Baltimore orders restaurants to close early, bars without food to shut down as coronavirus cases rise

Baltimore became the first jurisdiction in the region to announce it would reinstate more strict coronavirus restrictions Friday, including tightening capacity restrictions, shutting down bars that don’t serve food, and requiring masks in all public spaces, indoors and out.

The limits come as the region enters the so-called second wave of the virus, with leaders warning they would take further action in a few weeks if cases continue to rise.


Democratic Mayor Bernard C. “Jack” Young said the restrictions were meant to “save lives in Baltimore City" as the weather cools and people look to spend more time inside.

Health experts have warned that COVID-19 molecules spread more easily inside, and that bars in particular pose a high risk for transmission. With a rise in new COVID-19 cases, Young said, “A lot of cases we’re seeing are from indoor and family gatherings."


Maryland confirmed 1,541 new coronavirus cases on Friday, the third-highest daily total since the start of pandemic. Baltimore, in particular, has recorded an average of 103 new cases per day, an increase of over 53% over the last month. The number of COVID-19 patients requiring ICU beds has increased by 73% in city hospitals.

“This data is alarming and requires action,” said the city health commissioner, Dr. Letitia Dzirasa.

The following rules go into effect in Baltimore on Thursday:

  • All indoor and outdoor facilities, including restaurants, theaters, malls, casinos, entertainment venues, event spaces and religious facilities, should not exceed 25% of their usual maximum capacity.
  • Bars that are not licensed to sell food must shut down.
  • Restaurants and other food service establishments must halt indoor dining by 10 p.m.
  • Gatherings at homes are limited to 10 people.

Also, effective immediately, Baltimoreans must wear masks in all indoor and outdoor public places.

“If you are in a public space, inside or outside, you should be wearing a face cloth covering over your nose and your mouth, period," Dzirasa said.

The city’s announcement Friday afternoon stood in contrast to Republican Gov. Larry Hogan, who said Thursday that statewide metrics, though troubling, “do not yet warrant taking drastic immediate actions.”

But local governments have the autonomy to tighten restrictions in their area. For example, current state rules allow restaurants and other businesses to operate at 75% capacity, but Baltimore has capped them at 50% since September.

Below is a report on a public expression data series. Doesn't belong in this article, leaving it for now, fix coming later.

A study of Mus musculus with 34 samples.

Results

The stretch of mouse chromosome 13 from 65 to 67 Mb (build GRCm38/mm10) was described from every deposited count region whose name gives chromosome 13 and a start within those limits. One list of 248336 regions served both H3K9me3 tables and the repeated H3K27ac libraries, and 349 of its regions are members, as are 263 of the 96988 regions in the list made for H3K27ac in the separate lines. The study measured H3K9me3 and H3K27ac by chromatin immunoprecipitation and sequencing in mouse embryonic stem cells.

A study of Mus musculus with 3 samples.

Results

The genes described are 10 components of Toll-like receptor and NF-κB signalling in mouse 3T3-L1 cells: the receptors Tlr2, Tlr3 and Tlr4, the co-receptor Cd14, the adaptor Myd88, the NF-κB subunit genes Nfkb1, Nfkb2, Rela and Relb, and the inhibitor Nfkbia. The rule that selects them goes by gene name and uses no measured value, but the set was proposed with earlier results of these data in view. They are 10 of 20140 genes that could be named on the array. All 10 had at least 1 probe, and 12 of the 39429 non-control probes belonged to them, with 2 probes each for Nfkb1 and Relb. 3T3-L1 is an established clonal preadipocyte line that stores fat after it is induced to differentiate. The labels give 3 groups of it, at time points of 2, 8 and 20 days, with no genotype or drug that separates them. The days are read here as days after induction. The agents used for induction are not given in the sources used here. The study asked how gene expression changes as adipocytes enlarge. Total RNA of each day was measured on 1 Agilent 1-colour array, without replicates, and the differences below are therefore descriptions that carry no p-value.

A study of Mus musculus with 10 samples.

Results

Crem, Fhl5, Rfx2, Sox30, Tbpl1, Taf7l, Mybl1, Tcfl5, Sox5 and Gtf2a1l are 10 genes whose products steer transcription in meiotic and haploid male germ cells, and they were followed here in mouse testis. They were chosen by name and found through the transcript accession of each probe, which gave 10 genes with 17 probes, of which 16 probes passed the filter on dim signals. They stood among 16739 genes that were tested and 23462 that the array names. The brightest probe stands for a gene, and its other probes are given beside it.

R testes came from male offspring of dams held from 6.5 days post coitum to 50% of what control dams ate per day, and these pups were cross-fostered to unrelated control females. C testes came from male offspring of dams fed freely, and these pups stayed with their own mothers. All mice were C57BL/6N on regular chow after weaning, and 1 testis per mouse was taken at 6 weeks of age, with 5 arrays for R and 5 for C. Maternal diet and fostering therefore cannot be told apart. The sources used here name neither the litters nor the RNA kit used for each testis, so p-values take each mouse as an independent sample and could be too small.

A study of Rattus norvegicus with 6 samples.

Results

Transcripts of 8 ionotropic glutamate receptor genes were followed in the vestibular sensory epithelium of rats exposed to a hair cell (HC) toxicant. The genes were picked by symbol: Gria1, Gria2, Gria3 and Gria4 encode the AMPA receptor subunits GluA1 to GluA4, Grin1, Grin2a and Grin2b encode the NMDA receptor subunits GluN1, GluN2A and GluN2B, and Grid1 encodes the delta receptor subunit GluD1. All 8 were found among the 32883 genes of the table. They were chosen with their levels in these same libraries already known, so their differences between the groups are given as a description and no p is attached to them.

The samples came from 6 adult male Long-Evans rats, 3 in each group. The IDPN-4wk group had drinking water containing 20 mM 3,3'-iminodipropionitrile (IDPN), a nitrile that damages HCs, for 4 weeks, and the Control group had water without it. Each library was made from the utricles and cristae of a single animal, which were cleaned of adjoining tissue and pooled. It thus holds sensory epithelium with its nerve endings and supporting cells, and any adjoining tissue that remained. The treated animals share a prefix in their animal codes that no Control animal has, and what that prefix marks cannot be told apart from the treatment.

Montgomery County leaders have also proposed limiting restaurants and other venues to 25% capacity; the county council plans to vote on the measure next week. And in Anne Arundel County, all bars and restaurants must halt indoor service by 10 p.m.


Baltimore’s leaders are also advising residents to skip holiday get-togethers this year.

“Is Thanksgiving with all of your extended family worth the risk of putting an older loved one in the hospital?” Dzirasa said.

Local health officials will check in a month whether the interventions successfully reduced cases. If not, the city may clamp down further, she said. Officials saw a decline in cases after reintroducing restrictions over the summer. However, as winter approaches, Dzirasa said, “things could certainly get worse before they get better.”

For Baltimore haunts like the Mount Royal Tavern in Bolton Hill, which sells Natty Boh but nary a chicken wing, the latest restrictions will mean shutting down for the third time this year. After hearing the news from her customers, bartender Mallory Porter worried that a flood of regulars would come in for one last drink.


The latest restrictions were announced less than a week after Halloween revelers clogged sidewalks outside bars in neighborhoods like Federal Hill. In the aftermath, the city temporarily shuttered several spots, including Banditos and The Charles, citing a lack of social distancing.


The new limits on dining will make it more difficult for restaurants to stay in business, says Tony Foreman, whose Foreman Wolf restaurant group owns Charleston, Petit Louis and others in Baltimore.

Still, he supported the stricter rules, given both the increasing number of coronavirus cases and people’s failure to comply with mask mandates and social distancing requirements.

“Public health is the primary priority," he said. That doesn’t mean it’s particularly fun if you own a restaurant right now."

Dzirasa acknowledged that many Marylanders are experiencing “pandemic fatigue," after so many missed birthdays, holidays and family gatherings in 2020.

“However,” Dzirasa said, "Baltimore, none of us can afford to let our guard down.”